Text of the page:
Sensory time travel (and a recipe for challah)

It’s funny how a taste, a scent, a snatch of a song chorus can carry you back in time to a specific point in your life, often childhood. Not always a good place of course, however, I like to be positive so I’m going for happy memories here.

I saw Kindertransport at Nottingham Playhouse recently, a production both uplifting and heartbreaking with Diane Samuels’ depiction of German Jewish children sent off alone into a perilous world before the outbreak of World War II as their best chance of survival. The play considers how these momentous events affected the child, Eva, her mother who stayed in Germany, and Eva’s new ‘mother’ in England during and after the war. I found this such a difficult dilemma to contemplate, but those at the time had to take action. Love, identity and faith are also strong themes, leading on to recent discoveries in my own family.

My brother-in-law is researching our genealogy and recently updated us on his findings relating to my maternal grandmother, Nana (Eileen), and her family, the Bates.

Eileen Bates married Max Lewin, my grandfather, and converted to his Jewish faith (love and faith trumping the politics of the time). Max was born in London, his parents having fled Russia in the late 1800s. My memories of holidays in their Sussex home in the 1970s include trips to the kosher shop for exotic items such as curd cheese, borscht and challah, the sweet, brioche-like bread traditionally eaten on the Sabbath.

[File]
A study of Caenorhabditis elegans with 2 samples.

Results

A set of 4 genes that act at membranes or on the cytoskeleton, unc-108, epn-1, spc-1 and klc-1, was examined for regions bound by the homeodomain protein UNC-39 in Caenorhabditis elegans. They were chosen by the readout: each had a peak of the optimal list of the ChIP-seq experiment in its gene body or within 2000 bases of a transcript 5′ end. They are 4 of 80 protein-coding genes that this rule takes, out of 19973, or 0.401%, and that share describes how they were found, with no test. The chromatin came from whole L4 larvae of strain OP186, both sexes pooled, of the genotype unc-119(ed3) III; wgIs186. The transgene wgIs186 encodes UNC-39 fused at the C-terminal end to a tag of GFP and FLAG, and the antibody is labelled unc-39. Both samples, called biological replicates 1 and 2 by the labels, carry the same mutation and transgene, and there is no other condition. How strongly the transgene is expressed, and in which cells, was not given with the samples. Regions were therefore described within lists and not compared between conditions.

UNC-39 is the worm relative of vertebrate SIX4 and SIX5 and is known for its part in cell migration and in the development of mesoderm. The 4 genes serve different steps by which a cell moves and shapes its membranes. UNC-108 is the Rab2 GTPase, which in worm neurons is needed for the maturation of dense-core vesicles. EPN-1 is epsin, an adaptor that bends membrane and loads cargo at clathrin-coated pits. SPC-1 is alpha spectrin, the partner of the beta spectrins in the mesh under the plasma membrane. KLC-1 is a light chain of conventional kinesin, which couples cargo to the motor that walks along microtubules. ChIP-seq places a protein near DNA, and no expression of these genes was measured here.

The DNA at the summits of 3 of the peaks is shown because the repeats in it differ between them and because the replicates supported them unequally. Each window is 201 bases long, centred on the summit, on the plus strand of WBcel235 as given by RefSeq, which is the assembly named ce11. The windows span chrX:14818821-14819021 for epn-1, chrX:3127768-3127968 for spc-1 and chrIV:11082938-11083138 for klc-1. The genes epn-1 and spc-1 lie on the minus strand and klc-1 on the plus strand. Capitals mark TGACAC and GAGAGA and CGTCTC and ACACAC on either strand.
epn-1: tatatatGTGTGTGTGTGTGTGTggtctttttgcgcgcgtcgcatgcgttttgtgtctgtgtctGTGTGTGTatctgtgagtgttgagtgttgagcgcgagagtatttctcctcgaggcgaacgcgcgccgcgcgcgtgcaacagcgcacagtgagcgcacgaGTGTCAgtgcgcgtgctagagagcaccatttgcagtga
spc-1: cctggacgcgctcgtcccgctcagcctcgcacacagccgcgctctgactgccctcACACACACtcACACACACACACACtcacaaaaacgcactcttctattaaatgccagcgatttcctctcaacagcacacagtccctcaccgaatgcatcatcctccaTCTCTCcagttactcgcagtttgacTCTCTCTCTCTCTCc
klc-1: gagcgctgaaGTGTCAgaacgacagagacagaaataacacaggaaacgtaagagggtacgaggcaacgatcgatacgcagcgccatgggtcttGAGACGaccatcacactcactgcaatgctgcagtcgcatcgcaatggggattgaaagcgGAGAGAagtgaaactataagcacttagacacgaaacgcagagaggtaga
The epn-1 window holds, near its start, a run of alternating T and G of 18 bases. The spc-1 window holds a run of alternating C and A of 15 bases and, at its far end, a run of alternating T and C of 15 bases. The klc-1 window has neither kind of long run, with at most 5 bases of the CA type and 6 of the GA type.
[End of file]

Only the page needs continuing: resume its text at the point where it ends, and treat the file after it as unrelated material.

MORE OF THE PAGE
Nana (seated, centre) and her sisters

Nana’s brothers and sisters (a total of eight children) had a leaning towards show business, enjoying careers as dancers and music hall entertainers, a bare-back elephant rider in a circus, and a Hollywood B movie actress. More investigation is needed here, and sadly, these exciting careers never seemed to be something we discussed at family get-togethers. I have so many questions now.

However, for now, back to food. I’ve been making different types of bread recently, and in honour of my Jewish heritage, have had a go at challah. I tried this recipe by Joan Callaway; my second attempt was better (image from the first loaf). I made half the quantity stated (as this makes two large plaited loaves which, for a rich bread is hard going for just us). At the second making, I made the half quantity into two smaller plaits, one of which is now in the freezer. I found I needed a lot more flour as this is a sticky dough and a food mixer would have been welcome (as mentioned in a previous post, get this woman a Kitchen Aid!).  It also seemed to need a longer prove, about two hours.

Beaten egg painted on the loaf before baking gives a lovely, shiny conker-like shine. And when I tasted it, it’s heavy sweetness, I was back in the seemingly endless hot Sussex summers of the ’70s with my Nana and Grandpa. Lovely.